The National Institutes of Health will reduce its staff by 50 — chimpanzees.
The director of the nation's biomedical research facility announced late Wednesday that the primates, the closest living relatives to humans, would no longer be needed to test experimental vaccines, drugs or other treatments. As a result, the remaining animals in the NIH's chimp colony will be sent to sanctuaries to retire.
"It is clear that we've reached a tipping point," Dr. Francis Collins explained in an open letter. "Effective immediately, NIH will no longer maintain a colony of 50 chimpanzees for future research."
The decision, hailed by animal rights activists, was a long time coming. In 2010, the NIH said it had asked the Institute of Medicine to evaluate the agency's need for chimpanzees to conduct "biomedical or behavioral research that will be needed for the advancement of the public's health."
The resulting report, issued in 2011, concluded that most research involving chimps at that time was unnecessary. Studies with the animals could continue only in cases in which strict criteria were met, including:
* There were no alternative animals or other biological models that could be used to study a disease.
* It would be unethical to use humans in place of chimps.
* A decision to forgo tests involving chimps would significantly slow or halt the development of treatments to prevent, control or care for "life-threatening or debilitation conditions."
* If any research projects met the criteria, they would have to be conducted in a way that "minimizes pain and distress."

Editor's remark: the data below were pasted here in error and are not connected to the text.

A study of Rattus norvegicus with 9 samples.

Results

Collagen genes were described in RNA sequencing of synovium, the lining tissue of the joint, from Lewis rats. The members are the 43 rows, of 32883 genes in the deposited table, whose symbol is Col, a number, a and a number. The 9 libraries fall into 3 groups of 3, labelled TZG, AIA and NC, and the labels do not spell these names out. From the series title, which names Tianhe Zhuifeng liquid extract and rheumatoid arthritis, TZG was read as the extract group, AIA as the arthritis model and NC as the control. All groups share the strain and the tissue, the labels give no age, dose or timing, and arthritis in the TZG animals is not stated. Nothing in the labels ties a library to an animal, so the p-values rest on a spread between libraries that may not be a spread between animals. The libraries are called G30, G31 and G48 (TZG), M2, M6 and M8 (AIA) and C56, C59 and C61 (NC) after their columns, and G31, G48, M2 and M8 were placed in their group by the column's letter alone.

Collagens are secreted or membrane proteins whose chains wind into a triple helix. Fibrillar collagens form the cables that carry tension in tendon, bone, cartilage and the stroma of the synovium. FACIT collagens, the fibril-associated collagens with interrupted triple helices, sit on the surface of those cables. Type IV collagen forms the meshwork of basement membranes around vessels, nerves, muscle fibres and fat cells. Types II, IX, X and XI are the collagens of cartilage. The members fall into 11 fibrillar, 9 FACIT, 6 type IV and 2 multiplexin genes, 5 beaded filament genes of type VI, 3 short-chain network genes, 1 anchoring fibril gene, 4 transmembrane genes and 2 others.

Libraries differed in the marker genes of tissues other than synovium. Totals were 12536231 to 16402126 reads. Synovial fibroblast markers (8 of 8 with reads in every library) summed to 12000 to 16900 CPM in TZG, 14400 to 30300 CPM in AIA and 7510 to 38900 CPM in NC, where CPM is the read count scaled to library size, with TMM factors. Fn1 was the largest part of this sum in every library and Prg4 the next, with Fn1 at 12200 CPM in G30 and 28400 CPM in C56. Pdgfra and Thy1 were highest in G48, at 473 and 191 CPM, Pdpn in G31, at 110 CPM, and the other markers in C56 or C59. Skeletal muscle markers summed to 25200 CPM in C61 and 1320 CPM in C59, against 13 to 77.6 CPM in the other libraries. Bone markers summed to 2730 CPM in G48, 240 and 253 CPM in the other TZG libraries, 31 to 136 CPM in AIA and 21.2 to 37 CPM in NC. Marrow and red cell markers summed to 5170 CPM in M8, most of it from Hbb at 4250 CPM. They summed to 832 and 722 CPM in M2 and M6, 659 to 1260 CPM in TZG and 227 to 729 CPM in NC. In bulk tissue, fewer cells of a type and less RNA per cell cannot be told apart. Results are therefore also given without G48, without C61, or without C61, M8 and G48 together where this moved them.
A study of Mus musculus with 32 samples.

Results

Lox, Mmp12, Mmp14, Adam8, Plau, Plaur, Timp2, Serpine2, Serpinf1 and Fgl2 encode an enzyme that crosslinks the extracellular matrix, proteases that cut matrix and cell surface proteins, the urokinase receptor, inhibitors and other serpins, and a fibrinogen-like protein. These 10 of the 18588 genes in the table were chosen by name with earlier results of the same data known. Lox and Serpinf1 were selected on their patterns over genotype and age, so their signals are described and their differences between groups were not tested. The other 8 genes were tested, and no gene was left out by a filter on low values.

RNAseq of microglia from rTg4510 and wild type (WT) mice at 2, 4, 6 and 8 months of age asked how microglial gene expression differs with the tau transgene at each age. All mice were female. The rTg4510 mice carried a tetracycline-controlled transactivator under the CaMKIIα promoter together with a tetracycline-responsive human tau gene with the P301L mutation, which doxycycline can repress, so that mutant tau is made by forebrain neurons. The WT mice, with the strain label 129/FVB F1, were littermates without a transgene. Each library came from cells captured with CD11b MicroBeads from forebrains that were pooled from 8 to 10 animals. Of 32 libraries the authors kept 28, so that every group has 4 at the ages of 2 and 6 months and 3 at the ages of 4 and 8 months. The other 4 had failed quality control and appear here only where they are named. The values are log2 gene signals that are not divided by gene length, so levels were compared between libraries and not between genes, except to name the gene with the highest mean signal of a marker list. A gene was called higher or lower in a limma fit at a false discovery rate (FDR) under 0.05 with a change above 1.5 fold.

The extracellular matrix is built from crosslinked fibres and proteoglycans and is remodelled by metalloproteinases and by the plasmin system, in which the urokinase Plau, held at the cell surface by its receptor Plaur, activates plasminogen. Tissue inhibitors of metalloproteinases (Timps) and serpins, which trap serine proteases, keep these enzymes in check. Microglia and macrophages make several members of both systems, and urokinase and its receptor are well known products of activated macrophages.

The IOM report noted that chimpanzees could be valuable to scientists working on therapies for hepatitis C or using monoclonal antibodies to treat cancer and autoimmune diseases. However, no new projects have come along that have received approval under the new criteria, Collins noted. In part, that's because researchers have been able to genetically modify animals like mice and rats so that they were better stand-ins for people.
Perhaps the final straw was the decision in June by the U.S. Fish and Wildlife Service to classify captive chimpanzees as endangered. That means anyone who might bring harm to a captive chimp — a description that covers any medical researcher — would have to get a special permit to do so. "We are not aware of any permits that have been sought for this purpose," Collins wrote.
With all this in mind, Collins made the decision to send the NIH's remaining research chimpanzees to Chimp Haven, the 200-acre federal sanctuary in Louisiana. The facility is currently home to more than 200 chimps, and there will be a wait list for some of the new additions.
Relocations will take place "as space is available and on a timescale that will allow for optimal transition of each individual chimpanzee with careful consideration of their welfare, including their health and social grouping," Collins wrote.
The Humane Society of the United States is among the animal rights groups that has long pressed for the chimps' retirement. On Wednesday, the society's leader called the decision "thrilling."
"We really see the agency closing and locking the door behind the chimps and throwing away the key on their way out of the laboratories," Wayne Pacelle, president and chief executive of the Humane Society, said in a blog post. "We applaud NIH director Francis Collins for his foresight in taking this action."
The retirements won't mean that researchers will be limited to rodents, fruit flies and worms. "Research with other non-human primates will continue to be valued, supported, and conducted by the NIH," Collins wrote.